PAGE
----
Profile: This Is The Last Straw for Swit Yen

March 29, 2018

By Aiman Azri

As the Tak Nak Straw community expands in Malaysia, rejecting the prevalence of plastic straws in restaurants, we speak to one consumer, Swit Yen, to learn why she has voluntarily become part of this earth-friendly movement.

EDKL: When did you start practising No Straw? 

Swit Yen: 
For me, I grew up as somebody who was involved in going green and stuff like that in primary school. I have slacked on this for a very long time, and I feel like now is a good time to create good habits again. It's more about going back to my original principles.

EDKL: So you now use your own straw that you bring with you whenever you eat out?

Swit Yen: I've been doing no-straw for about a month now. It was difficult to transition, especially when it came to people (waiters) having the norm of just automatically putting a straw into your drink.

I have this thing where I collect paraphernalia from cinemas, and there was a drink barrel that came with a straw. So I use that. I didn't buy a special straw, glass or anything like that. I used whatever I already had.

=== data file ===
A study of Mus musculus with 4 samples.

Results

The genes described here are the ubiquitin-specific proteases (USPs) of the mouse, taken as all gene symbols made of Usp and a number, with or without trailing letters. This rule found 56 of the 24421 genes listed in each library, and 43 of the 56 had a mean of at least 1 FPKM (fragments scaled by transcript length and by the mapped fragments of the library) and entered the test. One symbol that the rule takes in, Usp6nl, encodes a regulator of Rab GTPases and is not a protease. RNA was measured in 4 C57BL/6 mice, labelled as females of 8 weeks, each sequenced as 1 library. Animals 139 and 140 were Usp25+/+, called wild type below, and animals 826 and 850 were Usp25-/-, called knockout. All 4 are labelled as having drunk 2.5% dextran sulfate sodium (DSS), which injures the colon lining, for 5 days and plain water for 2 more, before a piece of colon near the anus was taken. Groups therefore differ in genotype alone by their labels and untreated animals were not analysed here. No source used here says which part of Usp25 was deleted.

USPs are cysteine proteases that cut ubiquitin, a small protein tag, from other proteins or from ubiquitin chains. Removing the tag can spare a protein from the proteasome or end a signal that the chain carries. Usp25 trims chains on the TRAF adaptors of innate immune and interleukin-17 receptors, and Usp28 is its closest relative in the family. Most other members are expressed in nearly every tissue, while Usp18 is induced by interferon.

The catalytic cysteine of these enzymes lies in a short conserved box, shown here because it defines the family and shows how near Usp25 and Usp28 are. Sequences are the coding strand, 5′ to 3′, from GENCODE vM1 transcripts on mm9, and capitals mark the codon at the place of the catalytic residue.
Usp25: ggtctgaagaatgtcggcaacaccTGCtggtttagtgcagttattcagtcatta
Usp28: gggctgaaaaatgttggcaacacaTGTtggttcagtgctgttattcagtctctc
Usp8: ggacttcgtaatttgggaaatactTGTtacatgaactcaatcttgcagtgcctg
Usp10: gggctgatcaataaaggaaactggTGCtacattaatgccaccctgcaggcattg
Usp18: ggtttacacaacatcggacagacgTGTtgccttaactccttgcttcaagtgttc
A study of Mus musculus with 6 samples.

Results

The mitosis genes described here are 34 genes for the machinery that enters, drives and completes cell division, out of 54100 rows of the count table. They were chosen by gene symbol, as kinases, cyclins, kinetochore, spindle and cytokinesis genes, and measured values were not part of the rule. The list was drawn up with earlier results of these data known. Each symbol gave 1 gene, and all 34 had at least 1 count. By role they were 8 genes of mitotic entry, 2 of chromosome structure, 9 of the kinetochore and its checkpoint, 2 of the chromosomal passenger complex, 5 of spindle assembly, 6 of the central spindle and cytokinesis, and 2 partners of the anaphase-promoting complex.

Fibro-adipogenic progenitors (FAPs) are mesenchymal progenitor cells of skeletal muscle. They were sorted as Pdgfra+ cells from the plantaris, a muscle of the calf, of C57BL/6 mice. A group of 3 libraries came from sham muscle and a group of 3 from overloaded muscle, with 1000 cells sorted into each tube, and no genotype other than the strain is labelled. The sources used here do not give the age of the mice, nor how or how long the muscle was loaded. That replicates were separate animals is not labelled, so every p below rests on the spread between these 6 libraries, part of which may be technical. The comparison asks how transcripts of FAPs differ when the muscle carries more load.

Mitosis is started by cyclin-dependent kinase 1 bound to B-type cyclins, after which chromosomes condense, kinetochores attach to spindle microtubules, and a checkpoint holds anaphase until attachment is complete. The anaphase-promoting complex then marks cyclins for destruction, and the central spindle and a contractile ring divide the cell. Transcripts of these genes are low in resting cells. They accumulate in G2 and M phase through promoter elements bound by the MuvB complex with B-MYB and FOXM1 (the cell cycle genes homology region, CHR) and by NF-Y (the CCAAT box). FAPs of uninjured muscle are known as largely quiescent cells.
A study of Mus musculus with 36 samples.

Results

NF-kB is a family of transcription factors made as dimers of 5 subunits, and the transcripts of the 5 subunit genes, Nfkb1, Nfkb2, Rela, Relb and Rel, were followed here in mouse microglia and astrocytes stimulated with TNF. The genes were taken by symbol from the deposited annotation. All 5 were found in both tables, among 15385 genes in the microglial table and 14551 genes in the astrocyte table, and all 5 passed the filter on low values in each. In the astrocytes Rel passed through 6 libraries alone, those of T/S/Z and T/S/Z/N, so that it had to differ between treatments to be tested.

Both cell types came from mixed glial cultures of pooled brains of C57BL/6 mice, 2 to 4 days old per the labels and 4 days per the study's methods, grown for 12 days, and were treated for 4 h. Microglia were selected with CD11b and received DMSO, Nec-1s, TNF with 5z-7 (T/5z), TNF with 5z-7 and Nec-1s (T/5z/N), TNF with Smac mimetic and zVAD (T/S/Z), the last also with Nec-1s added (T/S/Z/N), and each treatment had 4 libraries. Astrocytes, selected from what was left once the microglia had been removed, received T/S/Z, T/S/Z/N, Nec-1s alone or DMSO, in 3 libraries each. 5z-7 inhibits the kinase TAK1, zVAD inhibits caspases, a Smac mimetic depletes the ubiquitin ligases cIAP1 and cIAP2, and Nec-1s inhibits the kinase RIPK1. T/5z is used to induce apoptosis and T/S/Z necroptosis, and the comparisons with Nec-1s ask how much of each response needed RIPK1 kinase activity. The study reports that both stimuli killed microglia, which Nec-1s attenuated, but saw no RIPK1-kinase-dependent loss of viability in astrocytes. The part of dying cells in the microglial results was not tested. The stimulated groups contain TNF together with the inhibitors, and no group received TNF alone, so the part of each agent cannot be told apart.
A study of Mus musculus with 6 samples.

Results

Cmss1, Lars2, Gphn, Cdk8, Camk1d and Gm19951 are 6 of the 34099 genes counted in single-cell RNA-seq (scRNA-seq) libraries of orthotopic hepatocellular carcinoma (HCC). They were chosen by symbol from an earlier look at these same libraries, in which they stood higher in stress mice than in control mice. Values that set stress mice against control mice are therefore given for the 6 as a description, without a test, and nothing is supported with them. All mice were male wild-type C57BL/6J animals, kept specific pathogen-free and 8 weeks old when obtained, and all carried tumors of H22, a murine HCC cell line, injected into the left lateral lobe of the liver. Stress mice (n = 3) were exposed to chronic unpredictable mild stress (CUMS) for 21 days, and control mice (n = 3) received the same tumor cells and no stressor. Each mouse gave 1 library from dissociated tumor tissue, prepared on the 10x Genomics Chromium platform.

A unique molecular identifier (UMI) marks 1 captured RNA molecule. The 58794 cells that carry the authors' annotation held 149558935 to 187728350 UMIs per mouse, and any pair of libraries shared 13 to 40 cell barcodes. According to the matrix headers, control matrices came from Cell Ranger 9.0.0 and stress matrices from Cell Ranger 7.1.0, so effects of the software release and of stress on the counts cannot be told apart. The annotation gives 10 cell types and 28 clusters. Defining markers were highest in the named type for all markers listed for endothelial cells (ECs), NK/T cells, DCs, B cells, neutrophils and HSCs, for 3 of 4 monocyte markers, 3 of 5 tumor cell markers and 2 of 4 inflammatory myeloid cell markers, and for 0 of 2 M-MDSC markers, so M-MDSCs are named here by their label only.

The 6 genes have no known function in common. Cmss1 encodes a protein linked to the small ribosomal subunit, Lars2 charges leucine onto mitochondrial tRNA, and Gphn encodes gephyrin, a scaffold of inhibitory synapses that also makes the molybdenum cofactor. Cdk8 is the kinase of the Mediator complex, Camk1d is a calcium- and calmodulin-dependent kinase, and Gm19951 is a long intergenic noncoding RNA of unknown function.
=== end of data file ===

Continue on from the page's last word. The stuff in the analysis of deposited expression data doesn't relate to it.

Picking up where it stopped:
The least I can do for the next couple of months to make sure I strictly practise this.

EDKL: Do you practise any other initiatives that are similar to No Straw?

Swit Yen: Gwen, one of my friends from the poetry scene, started a minimal-waste campaign for lunchtime last year. It was a pro-dining-in kind of thing. But unfortunately for the industry I work with, events and productions at the time, I had to tarpau everything, all the time. It irked me so much that I was creating so much waste.

When she started the campaign, I wanted to support her as a friend. But it goes beyond a campaign. You want it to be more, to include it as part of your lifestyle.

I use my own container when I go to take away food. I also carry around a reusable cup, especially when I order takeaway for cold drinks and hot drinks. So you reduce the use of plastic bags and string.

I also carry a recyclable bag, to pack items and groceries. I also try to take the LRT as much as I can.

Check out facebook.com/TakNakStraw for helpful local information on this movement, including practical alternatives to accepting plastic straws at eateries. This interview was conducted independently in support of this movement; EDKL is not affiliated with the community, and this interview does not necessarily reflect the official views or perspectives of the movement.